Chicago’s storied Uptown neighborhood has emerged from a decades-long slump with new restaurants and cultural centers.
For decades, Uptown, one of Chicago’s most storied neighborhoods, struggled to regain its early-to-mid-century luster when jazz and swing musicians dominated the music scene and ornate movie halls catered to robust crowds. Despite being well-served by the El, Chicago’s train system, and having a coveted Lake Michigan shoreline, the neighborhood slumped as crime rose and its aging housing stock fell into disrepair. Lately, though, Uptown’s new cultural centers and restaurants have fueled a creative spirit in this highly-diverse neighborhood. While debates over affordable housing and development remain huge issues in the area, Uptown is ready again for its close-up.
This cozy coffee shop is the centerpiece of Wilson Abbey, a neighborhood hub that hosts concerts, conferences and other special events. The menu ranges from specialties like the Vader, composed of Mexican Coke, vanilla and quantum espresso, to muffins and breakfast sandwiches made by Baker Miller, a local bakery. Only fair and direct trade coffee is served here.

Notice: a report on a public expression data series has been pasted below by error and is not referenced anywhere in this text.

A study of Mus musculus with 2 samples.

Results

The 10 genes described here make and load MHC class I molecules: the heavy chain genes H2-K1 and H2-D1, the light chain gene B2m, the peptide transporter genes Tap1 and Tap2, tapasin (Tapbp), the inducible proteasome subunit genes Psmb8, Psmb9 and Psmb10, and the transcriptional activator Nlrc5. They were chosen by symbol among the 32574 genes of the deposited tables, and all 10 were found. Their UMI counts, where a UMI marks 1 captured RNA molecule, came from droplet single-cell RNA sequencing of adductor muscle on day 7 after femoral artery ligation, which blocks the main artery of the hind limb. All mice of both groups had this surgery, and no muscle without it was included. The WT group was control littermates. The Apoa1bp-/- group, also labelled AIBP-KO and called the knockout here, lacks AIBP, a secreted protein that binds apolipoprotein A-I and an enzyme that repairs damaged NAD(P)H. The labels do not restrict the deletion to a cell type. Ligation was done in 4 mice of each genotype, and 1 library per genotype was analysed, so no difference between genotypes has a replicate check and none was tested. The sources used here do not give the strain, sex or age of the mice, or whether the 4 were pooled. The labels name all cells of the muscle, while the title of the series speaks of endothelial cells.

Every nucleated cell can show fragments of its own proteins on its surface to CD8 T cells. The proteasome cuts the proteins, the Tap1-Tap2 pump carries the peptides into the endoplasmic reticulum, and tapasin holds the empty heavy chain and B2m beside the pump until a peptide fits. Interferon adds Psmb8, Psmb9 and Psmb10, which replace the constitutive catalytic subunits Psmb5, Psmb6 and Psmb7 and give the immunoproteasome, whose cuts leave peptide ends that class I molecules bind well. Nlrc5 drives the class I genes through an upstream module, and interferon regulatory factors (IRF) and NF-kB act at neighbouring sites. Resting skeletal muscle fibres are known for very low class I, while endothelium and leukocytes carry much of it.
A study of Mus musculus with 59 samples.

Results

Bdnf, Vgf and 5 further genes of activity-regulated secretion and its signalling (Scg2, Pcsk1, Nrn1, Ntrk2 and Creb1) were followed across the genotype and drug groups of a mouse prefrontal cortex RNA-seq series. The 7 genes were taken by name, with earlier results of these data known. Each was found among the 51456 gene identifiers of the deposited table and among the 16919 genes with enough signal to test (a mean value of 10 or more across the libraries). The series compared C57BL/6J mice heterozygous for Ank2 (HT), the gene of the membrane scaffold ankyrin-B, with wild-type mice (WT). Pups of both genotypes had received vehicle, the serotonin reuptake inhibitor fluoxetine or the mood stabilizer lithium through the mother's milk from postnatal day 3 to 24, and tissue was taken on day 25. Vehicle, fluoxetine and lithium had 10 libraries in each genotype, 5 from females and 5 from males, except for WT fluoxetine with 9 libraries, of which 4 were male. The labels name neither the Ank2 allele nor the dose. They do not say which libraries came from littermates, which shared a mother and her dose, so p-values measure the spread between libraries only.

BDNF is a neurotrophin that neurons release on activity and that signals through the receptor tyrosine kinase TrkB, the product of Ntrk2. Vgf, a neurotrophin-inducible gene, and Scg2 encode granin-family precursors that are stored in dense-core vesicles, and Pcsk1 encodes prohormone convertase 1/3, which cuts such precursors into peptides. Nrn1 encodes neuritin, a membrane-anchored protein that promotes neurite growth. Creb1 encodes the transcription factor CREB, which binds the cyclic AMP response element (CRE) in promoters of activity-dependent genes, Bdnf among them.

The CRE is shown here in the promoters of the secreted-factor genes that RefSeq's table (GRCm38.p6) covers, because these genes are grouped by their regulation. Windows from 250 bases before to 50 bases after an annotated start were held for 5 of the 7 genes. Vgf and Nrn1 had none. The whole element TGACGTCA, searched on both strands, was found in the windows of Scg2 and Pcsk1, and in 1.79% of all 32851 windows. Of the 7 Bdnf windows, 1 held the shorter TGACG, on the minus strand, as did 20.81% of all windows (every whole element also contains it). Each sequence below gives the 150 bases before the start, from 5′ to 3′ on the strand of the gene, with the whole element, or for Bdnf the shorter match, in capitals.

935 West Wilson Avenue; everybodyscoffee.com.
Loving Heart Vegan Cafe
Housed in a rather unassuming space, this efficient and friendly vegan cafe impresses with its fresh wraps, bowls, burgers and desserts. Roughly 80 percent of the cafe’s offerings are made with organic ingredients.
838 West Montrose Avenue; lovingheartvegan.com.
Since opening in 2012, this upbeat bar and restaurant serving American fare has become a neighborhood staple, with its array of craft beers and a popular weekend brunch featuring bottomless mimosas. The décor is decidedly upscale industrial, with exposed brick walls and a garage door. The restaurant features classics like fish and chips and hanger steak, with chimichurri and potatoes.
844 West Montrose Avenue; reservoirchicago.com.
Black Ensemble Theater and Cultural Center
Founded by the actress and playwright Jackie Taylor in 1976, this sleek, airy building includes a 299-seat main stage, a studio theater, rehearsal studios and music rooms. The theater recently had a well-received run of “Sammy: A Tribute to Sammy Davis Jr.” A play about the life of the singer Patti LaBelle will run in May and June. The production “Hip-Hop Revolution,” which will explore the substantial impact that hip-hop has had on the music industry, is planned for later this year.
4450 North Clark Street; blackensembletheater.org.
Sol’s on Sheridan
This year-old Korean barbecue restaurant may be the new kid on the block, but it’s a welcome presence and incredibly tasty. The Korean fried chicken, with pickled radish, is all the rave, along with the bibimbap, a mixed-rice dish. Cap off the visit with the bing-su, a Korean shaved ice, mixed with Oreos.
4715 North Sheridan Road; solsonsheridan.com.